Posted by Curt on 6 May, 2023 at 9:15 am. 2 comments already!


By Patrick Lawrence

I’ve read a lot of smear since Fox News dismissed Tucker Carlson as its premier evening news presenter late last month. How could I not? It was everywhere, and more fecal matter is being flung Carlson’s way as we speak. My favorite in this line so far comes from The American Prospect. “Farewell to a Neo–Nazi Blowhard” was the head on its piece last week. Carlson, you see, is a “neofascist,” TAP wants us to know.
What hollow hyperbole. How few are the level heads in mainstream media these days. How cavalierly do our liberal media debase the English language. How difficult it is to take journalists seriously as they attack another journalist because his views do not match theirs.

What can we learn from all the unhinged denunciations we read daily? What do they tell us about the predicaments of independent minds in journalism—and no matter what you think of Carlson, he has one—and by extension independent journalism altogether?

In my read, independent media are in a state of siege that has escalated markedly of late. Although he worked for a corporate-owned cable network, I take Carlson’s fate as symptomatic of an intensifying attack on any media that deviate from the national security state’s ever more rigorously enforced orthodoxies.

The past week brings grim news of the determination of political elites and deeply insecure mainstream media to stifle dissent in wall-to-wall fashion. It is time to pay close attention. This is more now than the grousing of a few independent journalists such as your columnist. Everything up to how we live and think is at stake.

Setting aside all the dross casting Carlson as the Beelzebub of our profession, the remarks that stay in my mind are of another kind. Diana Johnstone, the distinguished Europeanist who has corresponded from Paris for decades, sent a brief note after Fox’s announcement, calling Carlson “the last free voice on mainstream television.” I paused and wondered if I agreed. And then decided I did.

“The TV host paid the price because he tried the impossible: straddling the divide between corporate media and critical journalism,” Jonathan Cook, who I hold in the same high regard I have for Johnstone, wrote last week on his blog. “He exposed ordinary Americans to critical perspectives, especially on U.S. foreign policy, that they had no hope of hearing anywhere else—and most certainly not from so-called ‘liberal’ corporate media outlets like CNN and MSNBC. And he did so while constantly ridiculing the media’s craven collusion with those in power.”

Johnstone and Cook share an essential point. It is not about agreeing with everything Tucker Carlson had to say on “Tucker Carlson Tonight,” his evening cable broadcast. They don’t and I don’t. This is about the presence of independent voices in American journalism. And Carlson has raised such a voice since Fox gave him a prime-time slot in 2016.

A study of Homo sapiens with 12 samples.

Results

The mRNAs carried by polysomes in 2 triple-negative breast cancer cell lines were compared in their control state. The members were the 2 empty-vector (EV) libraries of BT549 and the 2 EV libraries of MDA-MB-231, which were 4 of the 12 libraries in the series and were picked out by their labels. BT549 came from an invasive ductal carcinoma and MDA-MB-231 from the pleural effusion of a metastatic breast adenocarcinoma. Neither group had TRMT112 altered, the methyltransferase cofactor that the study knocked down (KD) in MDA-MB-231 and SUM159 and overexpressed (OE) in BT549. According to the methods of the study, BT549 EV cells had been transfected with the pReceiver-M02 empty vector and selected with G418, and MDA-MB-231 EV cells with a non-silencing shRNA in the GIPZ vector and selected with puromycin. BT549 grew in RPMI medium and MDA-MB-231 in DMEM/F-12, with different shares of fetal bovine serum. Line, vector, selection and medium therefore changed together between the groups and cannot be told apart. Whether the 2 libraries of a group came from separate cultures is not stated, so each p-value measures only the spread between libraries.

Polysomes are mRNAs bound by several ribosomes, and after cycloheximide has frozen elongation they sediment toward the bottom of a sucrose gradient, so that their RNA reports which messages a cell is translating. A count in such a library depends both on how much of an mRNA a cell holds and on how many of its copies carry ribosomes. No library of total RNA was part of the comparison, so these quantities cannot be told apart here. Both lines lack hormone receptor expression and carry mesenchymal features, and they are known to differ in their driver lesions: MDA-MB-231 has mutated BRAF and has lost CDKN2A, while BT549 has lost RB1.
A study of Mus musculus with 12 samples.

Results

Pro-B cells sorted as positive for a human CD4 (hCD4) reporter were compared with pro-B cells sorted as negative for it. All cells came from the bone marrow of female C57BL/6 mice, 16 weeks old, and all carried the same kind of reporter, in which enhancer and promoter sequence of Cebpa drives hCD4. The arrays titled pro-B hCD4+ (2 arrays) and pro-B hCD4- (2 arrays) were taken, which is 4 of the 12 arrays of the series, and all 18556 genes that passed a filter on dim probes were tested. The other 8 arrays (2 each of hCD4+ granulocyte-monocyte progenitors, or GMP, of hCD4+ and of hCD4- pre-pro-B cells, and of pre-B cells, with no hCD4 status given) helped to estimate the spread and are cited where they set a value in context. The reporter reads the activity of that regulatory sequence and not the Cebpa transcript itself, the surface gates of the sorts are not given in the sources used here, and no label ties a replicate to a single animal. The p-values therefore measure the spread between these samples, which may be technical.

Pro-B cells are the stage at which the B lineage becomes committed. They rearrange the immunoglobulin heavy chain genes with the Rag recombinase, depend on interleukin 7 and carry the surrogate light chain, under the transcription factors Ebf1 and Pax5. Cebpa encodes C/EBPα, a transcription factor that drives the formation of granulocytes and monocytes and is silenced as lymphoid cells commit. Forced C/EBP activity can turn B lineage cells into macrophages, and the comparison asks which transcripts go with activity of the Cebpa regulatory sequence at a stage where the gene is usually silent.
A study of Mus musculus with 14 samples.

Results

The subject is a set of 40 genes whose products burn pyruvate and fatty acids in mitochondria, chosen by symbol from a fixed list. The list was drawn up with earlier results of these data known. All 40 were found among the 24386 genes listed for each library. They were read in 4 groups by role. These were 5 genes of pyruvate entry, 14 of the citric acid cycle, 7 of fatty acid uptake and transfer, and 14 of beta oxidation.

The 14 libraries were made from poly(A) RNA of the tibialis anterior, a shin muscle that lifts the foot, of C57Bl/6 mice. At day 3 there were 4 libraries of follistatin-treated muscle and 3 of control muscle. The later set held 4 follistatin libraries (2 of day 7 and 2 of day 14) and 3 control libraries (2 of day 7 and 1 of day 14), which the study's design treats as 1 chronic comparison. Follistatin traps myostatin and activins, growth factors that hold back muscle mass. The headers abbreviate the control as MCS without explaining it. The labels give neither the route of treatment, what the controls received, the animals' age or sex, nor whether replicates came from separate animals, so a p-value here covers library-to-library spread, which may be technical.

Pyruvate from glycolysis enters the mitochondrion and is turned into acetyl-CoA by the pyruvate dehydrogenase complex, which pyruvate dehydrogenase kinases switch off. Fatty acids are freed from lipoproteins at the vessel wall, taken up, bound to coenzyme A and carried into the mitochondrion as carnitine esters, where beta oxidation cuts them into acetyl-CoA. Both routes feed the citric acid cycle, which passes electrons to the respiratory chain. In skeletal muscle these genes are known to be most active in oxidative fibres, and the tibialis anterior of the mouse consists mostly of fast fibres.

I can’t but note that those celebrating Carlson’s dismissal the loudest are other journalists. They do this by marking him down as a neofascist or a crypto–Nazi or what have you. This has the effect of turning the Carlson case into a left-right question. I do not know Carlson but know people who do. The epithets just noted require no comment. The only way you can get away with calling him a racist—another common charge—is if you buy into the nonsense that all white people are racist because they are white people.

No, the hoards of flunkies working for corporate media have it in for Tucker Carlson because he takes positions that are forbidden to them. Among these many, Carlson opposes the war in Ukraine, the military-industrial complex, covert coup operations in Cuba and elsewhere, Washington’s subterfuge at the United Nations and America’s imperialist project altogether. Carlson took Seymour Hersh’s report on the Biden’s regime’s covert op to destroy the Nord Stream pipelines for what it is: a tour de force piece of work by the premier investigative reporter now writing. Corporate-paid journalists detest Carlson for these things. I imagine there is a lot of subliminal envy attaching to Tucker Carlson’s professional performance over the years.

This is not a left-right question. Not much is anymore when you come down to it, primarily because there is no left left in America to allow for right-left questions. I do not read Carlson as an ideologue of any sort. I read him as an independent mind feeling its way, correct on many things, wrong on just as many.

Jonathan Cook, Glenn Greenwald and others have said all that needs saying about Tucker Carlson’s fate at Fox News. I am interested in this primarily as a case of journalist-on-journalist crime. This is not a right-left question, either. It is a question of independent thinking and dissenting perspectives and those who are fully on now for suppressing both. Tucker Carlson’s is a high-profile case and is complicated by Fox News’s place among corporate-owned media. Let us consider other developments that give us a fuller picture of what amounts to an intensifying war for control of “the narrative” and, at the horizon, our minds.

“Tucker Carlson’s firing reveals how afraid the media is of independent journalists,” is the headline Jonathan Cook wrote for his blog last week. Entirely true, but media (a plural noun, incidentally) are not the only ones now fearful.